The controversy surrounding the practices of digital marketplace G2A was brought into sharp relief earlier this month when a planned collector's edition of the Bulletstorm: Full Clip Edition, developed in partnership with Gearbox, went completely sideways. After YouTuber TotalBiscuit brought the arrangement to widespread (and very negative) attention, Gearbox demanded immediate changes from G2A and threatened to kill the deal if they weren't met. G2A declined, saying that its practices are already above-board in every way Gearbox wanted, and that was the end of that.
Through it all, a simple question hung in the background: How did Gearbox not see this coming? Gearbox CEO Randy Pitchford shuffled responsibility onto Gearbox Publishing chief Steve Gibson, and said that he (and implied that Gibson) had never heard of G2A prior to the blowup. To my mind, it was hard to imagine that highly-placed people in the industry, whose business is literally making and selling videogames, wouldn't be aware of one of the most notorious key resellers in operation. But in a recent blog post, tinyBuild CEO Alex Nichiporchik offered his take on how a deal like that could come about.
Nichiporchik began the post by saying that he too was initially baffled by the whole thing. In the wake of tinyBuild's own unhappy encounter with G2A last year, when it accused G2A of selling $450,000 worth of its games without paying it a single dollar, "it felt like everyone understood the situation and we haven't bothered with it much since," he wrote. But a little later on, as he was preparing for this weekend's Reboot Develop conference in Croatia, he noticed a familiar name on the speaker list: Marius (Mario) Mirek, the G2A senior account manager he'd butted heads with earlier this year at GDC.
Mirek's bio on the speaker's list describes him and G2A in fairly glowing terms, as you'd expect, and also identifies him "as the G2A staff member whom accosted Tiny Build at GDC and called them out on their torrent of accusations." Nichiporchik admitted that the description upset him, but insisted that his focus is simply trying to "understand how a deal like G2A and Gearbox could come about." He cited several examples of conferences where G2A had been rejected as a speaker and/or sponsor, presumably to buttress his claims of shadiness, but then mentioned another one that took place in October 2016, where Mirek had given a presentation on behalf of G2A.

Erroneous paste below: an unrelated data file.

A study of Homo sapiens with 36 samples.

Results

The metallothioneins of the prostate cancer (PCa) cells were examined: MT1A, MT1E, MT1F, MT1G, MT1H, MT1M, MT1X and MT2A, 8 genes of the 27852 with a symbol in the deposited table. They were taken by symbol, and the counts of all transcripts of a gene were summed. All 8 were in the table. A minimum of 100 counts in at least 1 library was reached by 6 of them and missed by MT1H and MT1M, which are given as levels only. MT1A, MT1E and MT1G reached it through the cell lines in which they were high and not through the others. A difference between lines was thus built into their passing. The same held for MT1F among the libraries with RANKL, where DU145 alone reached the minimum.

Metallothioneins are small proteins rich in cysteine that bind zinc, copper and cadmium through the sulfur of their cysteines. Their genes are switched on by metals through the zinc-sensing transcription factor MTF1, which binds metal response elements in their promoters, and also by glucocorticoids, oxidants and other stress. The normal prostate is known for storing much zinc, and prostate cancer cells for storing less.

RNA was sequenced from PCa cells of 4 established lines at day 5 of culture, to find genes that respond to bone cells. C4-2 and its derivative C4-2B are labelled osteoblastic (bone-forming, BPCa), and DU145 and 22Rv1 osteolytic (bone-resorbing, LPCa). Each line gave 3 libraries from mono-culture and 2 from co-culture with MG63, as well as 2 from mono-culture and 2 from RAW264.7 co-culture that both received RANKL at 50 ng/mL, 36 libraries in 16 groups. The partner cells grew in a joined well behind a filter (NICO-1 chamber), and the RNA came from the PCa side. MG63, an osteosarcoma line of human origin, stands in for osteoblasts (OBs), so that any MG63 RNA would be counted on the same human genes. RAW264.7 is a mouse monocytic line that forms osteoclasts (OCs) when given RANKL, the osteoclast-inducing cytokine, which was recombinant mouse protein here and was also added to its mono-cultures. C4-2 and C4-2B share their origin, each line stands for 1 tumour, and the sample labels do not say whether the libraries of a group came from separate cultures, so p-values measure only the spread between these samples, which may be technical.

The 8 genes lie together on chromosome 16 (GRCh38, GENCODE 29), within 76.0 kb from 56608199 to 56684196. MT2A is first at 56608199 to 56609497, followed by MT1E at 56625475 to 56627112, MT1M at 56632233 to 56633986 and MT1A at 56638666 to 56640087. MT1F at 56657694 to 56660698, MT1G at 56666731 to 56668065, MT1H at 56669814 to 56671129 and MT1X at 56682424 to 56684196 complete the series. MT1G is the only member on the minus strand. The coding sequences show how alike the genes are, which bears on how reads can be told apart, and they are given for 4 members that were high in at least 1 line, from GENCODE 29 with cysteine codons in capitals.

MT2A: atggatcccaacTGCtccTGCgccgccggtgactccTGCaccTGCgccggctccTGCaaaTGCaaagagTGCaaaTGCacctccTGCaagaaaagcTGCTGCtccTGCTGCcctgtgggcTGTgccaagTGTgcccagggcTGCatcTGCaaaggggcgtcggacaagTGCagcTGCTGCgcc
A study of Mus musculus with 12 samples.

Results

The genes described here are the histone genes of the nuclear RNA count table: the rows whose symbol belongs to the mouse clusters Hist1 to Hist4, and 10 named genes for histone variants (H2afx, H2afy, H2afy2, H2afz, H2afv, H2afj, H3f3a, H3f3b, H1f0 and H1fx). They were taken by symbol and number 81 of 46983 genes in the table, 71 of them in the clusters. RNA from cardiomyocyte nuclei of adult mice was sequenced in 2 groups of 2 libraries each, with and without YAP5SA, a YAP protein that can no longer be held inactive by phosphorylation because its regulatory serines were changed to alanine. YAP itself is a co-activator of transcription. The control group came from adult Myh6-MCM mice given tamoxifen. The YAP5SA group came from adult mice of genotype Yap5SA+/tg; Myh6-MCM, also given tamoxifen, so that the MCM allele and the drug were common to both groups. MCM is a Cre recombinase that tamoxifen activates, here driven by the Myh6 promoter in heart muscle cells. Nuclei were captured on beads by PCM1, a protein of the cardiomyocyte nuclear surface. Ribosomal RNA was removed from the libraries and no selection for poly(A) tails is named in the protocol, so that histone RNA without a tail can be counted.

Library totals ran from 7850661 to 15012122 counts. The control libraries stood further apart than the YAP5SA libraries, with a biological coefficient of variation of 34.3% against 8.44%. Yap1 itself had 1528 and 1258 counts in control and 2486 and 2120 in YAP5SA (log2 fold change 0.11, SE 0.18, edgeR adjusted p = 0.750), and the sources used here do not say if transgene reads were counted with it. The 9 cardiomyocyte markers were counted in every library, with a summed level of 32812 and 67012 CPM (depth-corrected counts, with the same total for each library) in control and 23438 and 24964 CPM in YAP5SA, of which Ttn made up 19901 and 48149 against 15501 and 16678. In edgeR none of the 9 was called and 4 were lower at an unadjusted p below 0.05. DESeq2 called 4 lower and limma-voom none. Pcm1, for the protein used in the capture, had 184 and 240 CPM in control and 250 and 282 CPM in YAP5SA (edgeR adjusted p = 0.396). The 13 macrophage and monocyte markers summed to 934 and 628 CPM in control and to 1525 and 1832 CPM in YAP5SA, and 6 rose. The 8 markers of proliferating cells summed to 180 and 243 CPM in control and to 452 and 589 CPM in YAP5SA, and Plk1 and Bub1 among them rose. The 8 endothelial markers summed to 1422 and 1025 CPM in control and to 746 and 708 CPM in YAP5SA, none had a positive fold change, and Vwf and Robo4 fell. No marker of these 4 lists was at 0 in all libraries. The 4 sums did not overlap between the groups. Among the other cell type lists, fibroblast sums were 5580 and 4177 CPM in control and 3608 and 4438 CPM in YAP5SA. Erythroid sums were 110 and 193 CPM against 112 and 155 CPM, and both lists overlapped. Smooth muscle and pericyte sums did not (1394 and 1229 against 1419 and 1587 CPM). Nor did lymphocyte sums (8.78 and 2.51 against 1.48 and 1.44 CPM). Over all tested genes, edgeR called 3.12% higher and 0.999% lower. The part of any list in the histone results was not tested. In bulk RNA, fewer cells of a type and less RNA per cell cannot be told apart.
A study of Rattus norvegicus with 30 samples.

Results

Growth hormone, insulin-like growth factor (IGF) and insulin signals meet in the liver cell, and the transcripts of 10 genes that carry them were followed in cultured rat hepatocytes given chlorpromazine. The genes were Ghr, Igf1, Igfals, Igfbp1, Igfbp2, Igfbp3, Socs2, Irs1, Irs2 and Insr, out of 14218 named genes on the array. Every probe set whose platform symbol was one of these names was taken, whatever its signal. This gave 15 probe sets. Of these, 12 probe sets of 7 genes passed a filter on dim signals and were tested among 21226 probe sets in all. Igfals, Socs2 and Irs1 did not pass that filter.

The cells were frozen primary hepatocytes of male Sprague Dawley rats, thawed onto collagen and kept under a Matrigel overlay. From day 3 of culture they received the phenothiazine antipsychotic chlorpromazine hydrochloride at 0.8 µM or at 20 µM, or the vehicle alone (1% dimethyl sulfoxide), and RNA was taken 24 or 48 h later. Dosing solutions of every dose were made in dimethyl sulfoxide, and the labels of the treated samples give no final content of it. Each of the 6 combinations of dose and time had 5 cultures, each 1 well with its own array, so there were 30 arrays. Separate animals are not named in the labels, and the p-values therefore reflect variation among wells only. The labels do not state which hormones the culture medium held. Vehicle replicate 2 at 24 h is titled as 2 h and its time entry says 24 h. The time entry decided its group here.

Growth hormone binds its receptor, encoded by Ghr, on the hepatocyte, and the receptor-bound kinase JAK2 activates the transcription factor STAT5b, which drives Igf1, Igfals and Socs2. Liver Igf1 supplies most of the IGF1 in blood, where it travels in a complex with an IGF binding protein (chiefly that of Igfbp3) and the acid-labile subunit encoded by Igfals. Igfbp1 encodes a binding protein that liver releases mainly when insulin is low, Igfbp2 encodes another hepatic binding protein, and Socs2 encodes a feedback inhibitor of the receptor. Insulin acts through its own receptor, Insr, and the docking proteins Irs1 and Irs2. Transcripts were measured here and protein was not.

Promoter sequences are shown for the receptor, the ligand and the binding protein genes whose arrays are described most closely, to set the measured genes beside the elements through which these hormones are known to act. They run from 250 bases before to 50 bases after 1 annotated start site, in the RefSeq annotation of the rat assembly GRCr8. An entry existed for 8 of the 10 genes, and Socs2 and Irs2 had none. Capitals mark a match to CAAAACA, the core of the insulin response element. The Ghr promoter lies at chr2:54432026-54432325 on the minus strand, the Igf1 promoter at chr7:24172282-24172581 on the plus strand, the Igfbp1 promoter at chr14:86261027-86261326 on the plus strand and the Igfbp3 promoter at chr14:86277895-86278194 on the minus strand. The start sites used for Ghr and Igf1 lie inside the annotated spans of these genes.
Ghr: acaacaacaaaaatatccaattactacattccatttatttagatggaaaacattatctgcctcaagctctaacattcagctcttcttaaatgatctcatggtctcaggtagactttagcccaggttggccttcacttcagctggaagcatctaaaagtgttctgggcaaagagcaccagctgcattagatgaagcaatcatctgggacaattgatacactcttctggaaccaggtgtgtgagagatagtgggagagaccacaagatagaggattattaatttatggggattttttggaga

"Imagine I'm an industry executive. Odds are I'm very busy running a large business, and don't have the time to follow industry drama about marketplaces. Then I see a marketplace positioned alongside very reputable companies, I wouldn't think twice about their reputation if they're next to CD Projekt Red, Apple, 343, Obsidian, etc. If a company I don't know is amongst reputable speakers, there's no reason for doubt in making a business deal with said marketplace," he said. "This is how I believe a deal like we saw with Gearbox and G2A could come together."
"Game conferences are the face of our industry, and I believe it's important for them to take responsibility for who represents it—potentially preventing situations as described with Gearbox," Nichiporchik concluded.
All of which makes sense, except for one point: If you're the head of a game publishing company, large or small, then I would think that having some awareness of who you're making deals with would be part of your job. This isn't just "industry drama," this is a company you're doing business with that stands accused of hosing a fellow publisher out of its share of nearly a half-million bucks. Of course the guy making the presentation is going to present it as a shining beacon of awesomeness; Gearbox once said that Aliens: Colonial Marines was going to be a great game, after all. But if you're just taking a guy at his word because he managed to secure a speaking spot at a conference in Moscow, then whose fault is it really when things go flop?